Re: Locomotive electrical systems
Date: 08-01-2013 - 17:31
GP9s and EMDs of the era use a load regulator to control excitation. The diesel engine and main generator have different power curves, so the load regulator balances the electrical load with the diesel engine output, so neither is overloading or underloading. The load regulator is a large commutator connected to a series of resistors. A vane motor driven by the governor oil moves a brush to increase or decrease the output and resulting excitation signal.
In the normal or "road" position, the Overriding Solenoid (ORS) is energized in the governor which causes the load regulator to assume the minimum field position. Once the throttle is opened, the ORS is de-energized allowing the load regulator to gradually increase excitation until it balances.
Switch engines in the switching mode did not energize the ORS so when the throttle opened they were already in the maximum field position and then balanced from there. This was later changed to a relay that provided an initial amount of excitation until the load regulator caught up from minimum field.
On GP7 and GP9 units, in switching mode the various throttle positions would energize a series of relays which would provide the basic excitation in parallel with the load regulator. In higher throttles, the system would switch over to the load regulator.
Not sure what SP did on the commute GP9s, but they might have used a variation of one or more of the switching systems.
I assume the F40PH units you are referring to have the HEP alternator driven by the prime mover like Amtrak used. (EMD and M-K built some with separate engine driven HEP plants for some commuter agencies.) On the Amtrak version, the 16-645 at 900 rpm in Run 8 drives a 2:1 gearbox to turn a Delco HEP alternator at 1800 rpm which results in 60 hertz AC. On later EMD units, each throttle position creates a basic voltage for the excitation through a throttle response system. This basic signal is further modified to keep the amperage and voltage of the AR10 output within limits, stay within adhesion limits, and reduced by the wheel slip system. There is still a load regulator, now just a simple rheostat, that further modifies the signal. The rate of change in the excitation signal is controlled by capacitors and discharge resistors. This signal is used to control firing SCRs off the 3 phase AC system which actually provides the DC for excitation.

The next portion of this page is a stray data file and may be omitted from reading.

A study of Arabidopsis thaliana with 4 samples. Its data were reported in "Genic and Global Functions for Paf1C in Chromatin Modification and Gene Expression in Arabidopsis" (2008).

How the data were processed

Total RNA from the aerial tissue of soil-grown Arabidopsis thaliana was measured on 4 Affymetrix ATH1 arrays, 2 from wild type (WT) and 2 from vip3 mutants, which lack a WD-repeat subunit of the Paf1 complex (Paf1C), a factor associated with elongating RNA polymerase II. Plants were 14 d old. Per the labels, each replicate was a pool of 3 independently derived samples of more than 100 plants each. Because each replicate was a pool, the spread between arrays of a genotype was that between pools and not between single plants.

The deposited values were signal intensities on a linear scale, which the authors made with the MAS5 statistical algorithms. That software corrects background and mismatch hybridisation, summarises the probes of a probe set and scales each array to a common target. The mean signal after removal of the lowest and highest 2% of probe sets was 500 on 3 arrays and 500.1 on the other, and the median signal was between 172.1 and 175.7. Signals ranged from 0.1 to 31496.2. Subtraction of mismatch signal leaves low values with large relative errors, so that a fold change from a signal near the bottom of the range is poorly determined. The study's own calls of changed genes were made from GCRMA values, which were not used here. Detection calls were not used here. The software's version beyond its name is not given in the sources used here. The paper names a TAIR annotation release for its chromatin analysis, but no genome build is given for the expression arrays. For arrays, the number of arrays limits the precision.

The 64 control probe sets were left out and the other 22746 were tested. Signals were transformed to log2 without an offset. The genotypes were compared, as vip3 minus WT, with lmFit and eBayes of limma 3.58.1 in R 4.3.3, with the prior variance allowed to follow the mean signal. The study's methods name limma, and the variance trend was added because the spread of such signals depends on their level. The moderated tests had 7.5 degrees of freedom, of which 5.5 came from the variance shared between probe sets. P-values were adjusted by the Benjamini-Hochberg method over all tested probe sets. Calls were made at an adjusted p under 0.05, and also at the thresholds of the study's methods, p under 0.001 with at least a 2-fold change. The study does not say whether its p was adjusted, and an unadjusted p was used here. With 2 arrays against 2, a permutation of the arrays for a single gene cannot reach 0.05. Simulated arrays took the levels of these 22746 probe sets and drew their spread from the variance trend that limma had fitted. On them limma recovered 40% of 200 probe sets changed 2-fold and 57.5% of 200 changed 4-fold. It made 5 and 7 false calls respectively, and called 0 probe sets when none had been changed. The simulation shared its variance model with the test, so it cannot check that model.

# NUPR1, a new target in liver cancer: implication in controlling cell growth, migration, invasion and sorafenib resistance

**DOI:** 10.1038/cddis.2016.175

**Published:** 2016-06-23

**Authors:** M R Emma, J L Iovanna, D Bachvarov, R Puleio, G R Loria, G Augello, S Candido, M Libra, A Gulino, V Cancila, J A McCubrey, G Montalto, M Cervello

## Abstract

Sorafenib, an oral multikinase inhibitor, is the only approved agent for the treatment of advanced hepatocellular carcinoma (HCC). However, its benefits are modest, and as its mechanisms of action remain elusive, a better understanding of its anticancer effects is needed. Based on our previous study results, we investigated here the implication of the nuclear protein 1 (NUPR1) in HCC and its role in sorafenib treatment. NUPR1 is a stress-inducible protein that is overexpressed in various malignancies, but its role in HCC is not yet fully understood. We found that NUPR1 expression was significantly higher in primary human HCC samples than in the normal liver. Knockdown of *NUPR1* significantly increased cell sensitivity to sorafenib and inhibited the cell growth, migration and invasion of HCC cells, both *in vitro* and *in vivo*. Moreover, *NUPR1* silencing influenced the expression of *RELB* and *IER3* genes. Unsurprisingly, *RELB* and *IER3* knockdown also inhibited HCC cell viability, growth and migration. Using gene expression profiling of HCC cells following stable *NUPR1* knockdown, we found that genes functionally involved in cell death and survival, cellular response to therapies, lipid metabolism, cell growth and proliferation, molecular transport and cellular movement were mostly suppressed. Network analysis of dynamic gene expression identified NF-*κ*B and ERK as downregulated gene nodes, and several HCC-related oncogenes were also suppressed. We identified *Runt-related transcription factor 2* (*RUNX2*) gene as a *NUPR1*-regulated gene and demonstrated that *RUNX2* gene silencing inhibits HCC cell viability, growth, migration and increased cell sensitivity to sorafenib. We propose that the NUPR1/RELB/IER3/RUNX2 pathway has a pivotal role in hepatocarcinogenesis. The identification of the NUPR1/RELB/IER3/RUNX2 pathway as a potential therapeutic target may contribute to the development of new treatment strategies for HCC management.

An EMD with throttle response and static excitation systems can be easily wired to provide an excitation signal lower than the actual diesel engine speed. An SW1000/SW1500/MP15 series use a similar system in their "kicking" circuit where the locomotive is in Run 3 but the but the actual excitation level is determined by the throttle position in idle, Run 1, 2 or 3[ so there isn't any delay waiting for the diesel engine speed to increase to the required level. I believe this option was also available on other EMD models. GE did something similar with the U33C with just a few (3?) diesel engine speeds.
Back to traction motor connections - I think the ATSF/BNSF hump SD slug sets are wired as the mother is 2S3P (2 traction motors in series, then three strings is parallel) which is then connected in series to the slug with the same arrangement, making the equivalent of 3 strings of 4 motors in series. Slugs bring in other issues, so as speed in creases the slug traction motors have to be either disconnected, or if in series with active motors some short across to bypass them.